Sunday, 25 November 2012

Here's one that didn't win....

Apparently, George Orwell often mistook rejection for failure. He kept going just the same, in a state of gloomy optimism with which I am pretty familiar.

I entered this story in the Bridport micro fiction competition, and it didn't win. was rejected. But that wasn't a failure on my part: I successfully wrote it, entered it, and am now posting it. In the spirit of success. Or something. 

This is based on an actual theatre which was part of the Brighton Festival this year, and I really didn't go there, and there really was a Balkan band playing when I walked past, too busy to join the happy throng inside...

The Hurly Burly Café Theatre
I have never been to the Hurly Burly Café Theatre. I have never seen the oompah Balkan quartet with the gypsy in dreads from Dubrovnik. I didn’t buy black vodka from the pop-up bar, or sit on the bleached grass on Leonard’s raincoat with the wind in my hair. No one kissed me smoky when I scrounged a gold Soubrane. And when our lips didn’t meet, it wasn’t the real thing.

The song escaped over the addled roof-tops, the slates and chimneys and minarets. The curtains were cloud-drapes, moonlit and sun-dappled. Children ran among the giant legs. There were gryphons and unicorns and fluttering pennants. There was a pianola and roast chestnuts and a talking fish.

You were there, I expect, leaning over the table. Paying in florins and sixpences, counting the coins with rings on your fingers.

Wednesday, 21 November 2012


I'm preoccupied with death at the moment, the sudden and premature deaths of two people I knew, the fact my mother has a serious illness. I have just come back from a very beautiful funeral, which captured the everyday wonders of a supposedly 'ordinary' life.

One thing which came up over and over again was the fact that the person whose life we were celebrating loved stories - Discworld, the Narnia books, the Lord of the Rings. In recent weeks, I've felt as if my own concerns - with writing, and story telling and publishing what I write - are somehow trivial and self indulgent, as if I should Grow Up and get on with something else.

But I don't know how to do anything else. I can teach people, but what I teach is that writing is a way of finding meaning in life, if not the meaning of life. When someone dies, we sing songs, and read poems and the people who loved them tell stories about them, the memories and moments that live on. The music and poetry help us to survive, collectively, they keep the light burning.

And stories can do the same thing too. So that is why I write. Not to be published or famous or noticed. (Though every writer wants other people to be part of what they do.) But because I need to.

On the way back from the funeral, I got on a bus, weighed down with everything, the sadness and sorrow of it all. After a while, I saw the sun was out, shining through the mist of condensation that blurred the windows. We were passing the Brighton Pavilion, and I wiped the mist off the glass. I could see the pop-up skating rink they have set up for Christmas, empty chairs and tables waiting for the evening, a tiny glimpse of the ice through an open door. All in bright sunshine.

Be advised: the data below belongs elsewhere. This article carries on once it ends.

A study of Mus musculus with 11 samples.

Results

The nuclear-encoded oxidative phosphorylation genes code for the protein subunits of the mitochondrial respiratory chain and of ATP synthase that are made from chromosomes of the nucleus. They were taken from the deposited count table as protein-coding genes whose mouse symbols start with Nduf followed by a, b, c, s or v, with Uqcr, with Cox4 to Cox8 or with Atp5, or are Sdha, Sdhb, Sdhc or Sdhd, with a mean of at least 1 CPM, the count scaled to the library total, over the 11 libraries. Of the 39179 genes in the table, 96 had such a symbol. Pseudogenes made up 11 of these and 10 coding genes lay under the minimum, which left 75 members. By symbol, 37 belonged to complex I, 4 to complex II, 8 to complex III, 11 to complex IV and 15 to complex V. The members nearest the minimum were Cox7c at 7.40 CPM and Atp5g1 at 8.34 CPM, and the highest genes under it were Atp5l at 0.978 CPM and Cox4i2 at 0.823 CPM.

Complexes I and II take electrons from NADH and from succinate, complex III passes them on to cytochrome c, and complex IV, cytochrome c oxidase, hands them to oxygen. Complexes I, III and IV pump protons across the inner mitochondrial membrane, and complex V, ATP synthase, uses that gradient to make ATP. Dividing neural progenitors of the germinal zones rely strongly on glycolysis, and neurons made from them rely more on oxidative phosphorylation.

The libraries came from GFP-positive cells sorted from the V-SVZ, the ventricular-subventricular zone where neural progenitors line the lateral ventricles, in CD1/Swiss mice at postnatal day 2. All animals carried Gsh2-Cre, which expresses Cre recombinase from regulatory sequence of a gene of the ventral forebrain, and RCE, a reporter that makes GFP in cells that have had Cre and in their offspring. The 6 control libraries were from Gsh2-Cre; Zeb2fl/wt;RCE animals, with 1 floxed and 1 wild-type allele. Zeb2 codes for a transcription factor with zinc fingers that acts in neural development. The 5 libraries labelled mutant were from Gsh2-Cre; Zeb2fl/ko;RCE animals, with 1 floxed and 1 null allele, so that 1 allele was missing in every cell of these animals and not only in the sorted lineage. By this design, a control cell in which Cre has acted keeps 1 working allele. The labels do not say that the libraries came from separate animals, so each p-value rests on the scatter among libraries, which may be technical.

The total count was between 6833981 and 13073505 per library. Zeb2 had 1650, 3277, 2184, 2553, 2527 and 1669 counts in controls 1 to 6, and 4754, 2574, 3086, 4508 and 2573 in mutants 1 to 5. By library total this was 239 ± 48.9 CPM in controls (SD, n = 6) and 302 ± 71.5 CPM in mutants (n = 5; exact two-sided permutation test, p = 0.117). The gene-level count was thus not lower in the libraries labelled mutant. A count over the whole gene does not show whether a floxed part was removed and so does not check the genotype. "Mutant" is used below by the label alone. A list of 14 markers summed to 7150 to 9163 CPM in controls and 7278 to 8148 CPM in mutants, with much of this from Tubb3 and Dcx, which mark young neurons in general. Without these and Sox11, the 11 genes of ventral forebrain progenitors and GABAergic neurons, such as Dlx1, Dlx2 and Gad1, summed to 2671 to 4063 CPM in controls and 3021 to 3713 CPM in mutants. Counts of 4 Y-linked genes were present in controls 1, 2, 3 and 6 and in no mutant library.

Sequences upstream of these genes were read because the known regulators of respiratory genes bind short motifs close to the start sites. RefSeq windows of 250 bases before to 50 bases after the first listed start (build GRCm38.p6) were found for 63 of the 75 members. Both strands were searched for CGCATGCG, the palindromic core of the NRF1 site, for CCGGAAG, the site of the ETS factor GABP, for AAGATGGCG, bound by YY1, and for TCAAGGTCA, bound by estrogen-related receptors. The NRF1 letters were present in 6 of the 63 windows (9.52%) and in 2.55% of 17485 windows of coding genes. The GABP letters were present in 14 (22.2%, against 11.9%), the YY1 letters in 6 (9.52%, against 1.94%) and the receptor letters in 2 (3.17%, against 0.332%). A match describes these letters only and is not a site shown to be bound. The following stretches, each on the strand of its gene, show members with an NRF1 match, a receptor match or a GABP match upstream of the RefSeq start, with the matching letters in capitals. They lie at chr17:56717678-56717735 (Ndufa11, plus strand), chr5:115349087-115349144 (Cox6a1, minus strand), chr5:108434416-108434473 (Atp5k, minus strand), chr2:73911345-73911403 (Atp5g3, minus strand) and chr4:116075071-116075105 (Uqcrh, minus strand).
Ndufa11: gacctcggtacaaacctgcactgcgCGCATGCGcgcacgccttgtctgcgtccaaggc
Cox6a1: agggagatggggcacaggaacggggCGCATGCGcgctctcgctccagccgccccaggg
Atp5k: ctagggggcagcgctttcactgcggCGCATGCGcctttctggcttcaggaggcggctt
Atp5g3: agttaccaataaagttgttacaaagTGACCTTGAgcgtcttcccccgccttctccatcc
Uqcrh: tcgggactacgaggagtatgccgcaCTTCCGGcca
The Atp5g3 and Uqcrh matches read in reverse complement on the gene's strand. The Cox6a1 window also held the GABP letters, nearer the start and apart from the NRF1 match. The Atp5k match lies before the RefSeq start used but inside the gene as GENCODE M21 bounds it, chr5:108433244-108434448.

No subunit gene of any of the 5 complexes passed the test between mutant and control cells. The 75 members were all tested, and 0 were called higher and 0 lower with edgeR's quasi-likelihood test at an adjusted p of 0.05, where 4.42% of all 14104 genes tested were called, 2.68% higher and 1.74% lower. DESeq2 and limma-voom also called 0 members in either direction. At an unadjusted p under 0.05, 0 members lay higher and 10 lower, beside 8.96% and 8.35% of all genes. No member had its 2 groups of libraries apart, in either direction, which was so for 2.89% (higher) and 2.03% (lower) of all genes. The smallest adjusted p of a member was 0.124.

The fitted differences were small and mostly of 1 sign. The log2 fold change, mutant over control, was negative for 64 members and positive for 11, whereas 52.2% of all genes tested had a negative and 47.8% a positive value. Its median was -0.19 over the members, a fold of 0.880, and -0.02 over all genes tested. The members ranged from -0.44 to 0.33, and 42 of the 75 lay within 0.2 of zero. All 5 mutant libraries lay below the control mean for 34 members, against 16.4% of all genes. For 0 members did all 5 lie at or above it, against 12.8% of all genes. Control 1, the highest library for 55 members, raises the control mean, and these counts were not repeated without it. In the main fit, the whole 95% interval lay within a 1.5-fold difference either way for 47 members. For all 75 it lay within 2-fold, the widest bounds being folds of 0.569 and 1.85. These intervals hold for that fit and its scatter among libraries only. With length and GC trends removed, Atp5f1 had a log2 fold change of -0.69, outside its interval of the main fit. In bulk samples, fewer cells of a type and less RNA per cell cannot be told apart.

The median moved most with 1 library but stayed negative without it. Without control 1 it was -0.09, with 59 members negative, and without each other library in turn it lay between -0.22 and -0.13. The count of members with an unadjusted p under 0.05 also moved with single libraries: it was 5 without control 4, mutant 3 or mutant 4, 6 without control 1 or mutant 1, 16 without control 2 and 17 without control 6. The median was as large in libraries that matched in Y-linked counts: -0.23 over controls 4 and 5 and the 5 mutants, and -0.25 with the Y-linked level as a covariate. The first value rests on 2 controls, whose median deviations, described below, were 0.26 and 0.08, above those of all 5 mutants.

Thursday, 1 November 2012

Plot number seven: Rebirth

And finally. We go to stories - and therefore plots - for things we can't find in Life. We are looking for patterns, for an explanation of some sort, a conclusion that can be drawn. We want the story to give us something back, a feeling of reassurance, the belief that while life ends, it also teaches. New beginnings emerge from bleak endings. There may or may not be rebirth in the hereafter, but there is certainly rebirth in the now. Or so the Hollywood screenwriters would have us believe.

I don't know what Christopher Booker says about this, because frankly I have looked at his book enough to feel pretty well informed about his point of view. His is the compendium approach to creativity, in which an assemblage of narratives, a great story pile, must surely offer something to those in search of narrative enlightenment.

Life is not neat or reassuring. Virginia Woolf thought sanity was a lie. Thing have happened in my life recently which don't suggest that life is a pattern of any kind. Experience tears holes in our reality, and there isn't much to mend them with. And yet. There is still the story of Pandora's box to keep the flame alive.

When Pandora opened the box, and all the bad things came out, all the evil and suffering and pain and horror, it seemed there was no hope. But Hope was exactly what there was, the tiny spirit trapped in the bottom of box who came fluttering out last of all. Ibsen said that human beings can't take all that much reality. Maybe he was being too harsh. Maybe all they need is a little bit of hope, enough to sustain the insanity of optimism which keeps us believing in the magic of story, and of being alive.